Six injured in violence intended to derail Thailand's Sunday elections
Gunmen opened fire on pro-government demonstrators in Bangkok, Thailand on Saturday, wounding at least six people and ratcheting up tensions just one day before Sunday’s key national elections.
Around eight gunmen emerged from a crowd of anti-government protestors who are seeking to derail a national vote, CNN reports, firing on police and pro-government citizens for about half an hour.
The Thai government has been reticent to respond to the recent unrest in force for fear of sparking a coup, and there were few security forces present on Saturday to respond to the gunfire. Around 20 police officers and a dozen soldiers took cover behind their vehicles.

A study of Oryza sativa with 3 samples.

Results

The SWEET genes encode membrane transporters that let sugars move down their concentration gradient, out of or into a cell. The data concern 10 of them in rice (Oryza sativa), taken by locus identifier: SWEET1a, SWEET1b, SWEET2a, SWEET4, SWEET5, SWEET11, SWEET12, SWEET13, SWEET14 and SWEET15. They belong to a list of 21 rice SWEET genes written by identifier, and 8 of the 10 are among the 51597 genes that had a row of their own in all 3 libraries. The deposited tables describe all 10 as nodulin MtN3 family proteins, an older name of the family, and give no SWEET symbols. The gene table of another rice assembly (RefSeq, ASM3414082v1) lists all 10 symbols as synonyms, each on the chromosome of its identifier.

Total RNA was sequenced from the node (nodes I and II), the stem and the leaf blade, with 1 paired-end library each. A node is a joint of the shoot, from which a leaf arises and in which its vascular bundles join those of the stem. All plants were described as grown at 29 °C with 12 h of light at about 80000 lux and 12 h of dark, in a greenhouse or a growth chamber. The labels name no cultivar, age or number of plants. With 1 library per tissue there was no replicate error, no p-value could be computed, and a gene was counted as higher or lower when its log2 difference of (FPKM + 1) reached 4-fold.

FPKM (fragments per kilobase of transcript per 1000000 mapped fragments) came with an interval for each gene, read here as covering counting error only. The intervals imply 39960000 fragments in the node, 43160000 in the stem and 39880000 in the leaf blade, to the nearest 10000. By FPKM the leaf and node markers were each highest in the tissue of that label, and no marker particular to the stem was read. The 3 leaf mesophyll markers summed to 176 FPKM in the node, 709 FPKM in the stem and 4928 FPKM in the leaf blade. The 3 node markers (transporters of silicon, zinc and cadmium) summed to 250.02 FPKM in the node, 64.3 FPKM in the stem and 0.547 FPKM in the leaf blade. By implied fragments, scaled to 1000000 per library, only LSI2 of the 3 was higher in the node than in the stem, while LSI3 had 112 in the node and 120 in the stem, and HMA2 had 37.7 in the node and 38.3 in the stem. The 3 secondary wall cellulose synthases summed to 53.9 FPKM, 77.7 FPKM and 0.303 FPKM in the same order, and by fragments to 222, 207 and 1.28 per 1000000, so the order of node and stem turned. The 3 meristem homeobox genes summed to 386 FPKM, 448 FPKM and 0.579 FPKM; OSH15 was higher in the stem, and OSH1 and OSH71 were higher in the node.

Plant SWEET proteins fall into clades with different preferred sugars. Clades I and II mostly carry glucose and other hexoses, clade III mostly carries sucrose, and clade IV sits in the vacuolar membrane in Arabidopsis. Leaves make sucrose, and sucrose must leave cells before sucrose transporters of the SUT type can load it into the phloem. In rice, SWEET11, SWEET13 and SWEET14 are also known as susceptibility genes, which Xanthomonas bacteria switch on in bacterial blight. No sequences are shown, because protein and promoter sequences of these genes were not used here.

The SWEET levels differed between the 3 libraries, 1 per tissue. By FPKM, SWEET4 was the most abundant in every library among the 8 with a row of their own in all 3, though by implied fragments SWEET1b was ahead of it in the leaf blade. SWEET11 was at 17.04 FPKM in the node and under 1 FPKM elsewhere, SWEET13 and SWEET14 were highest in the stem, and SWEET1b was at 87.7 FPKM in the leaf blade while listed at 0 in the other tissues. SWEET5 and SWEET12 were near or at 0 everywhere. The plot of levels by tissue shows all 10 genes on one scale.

The anti-government demonstrators have sought for months to dislodge Prime Minister Yingluck Shinawatra in increasingly violent protests that have left 10 people dead and hundred wounded.
Yingluck has called for a Feb. 2 vote in order to quell unrest in the country that has pitted anti-government protestors from Bangkok’s middle classes and Thailand’s south against loyalists from the poorer but more populous north.
The protestors, who have vowed to block the Sunday vote, accuse Yingluck of kowtowing to her brother Thaksin Shinawatra, a business tycoon exiled from Thailand in a 2006 military coup. In pre-election voting last Sunday, protestors threatened voters and successfully prevented hundreds of thousands from casting ballots. Clashes are expected to worsen on Feb. 2.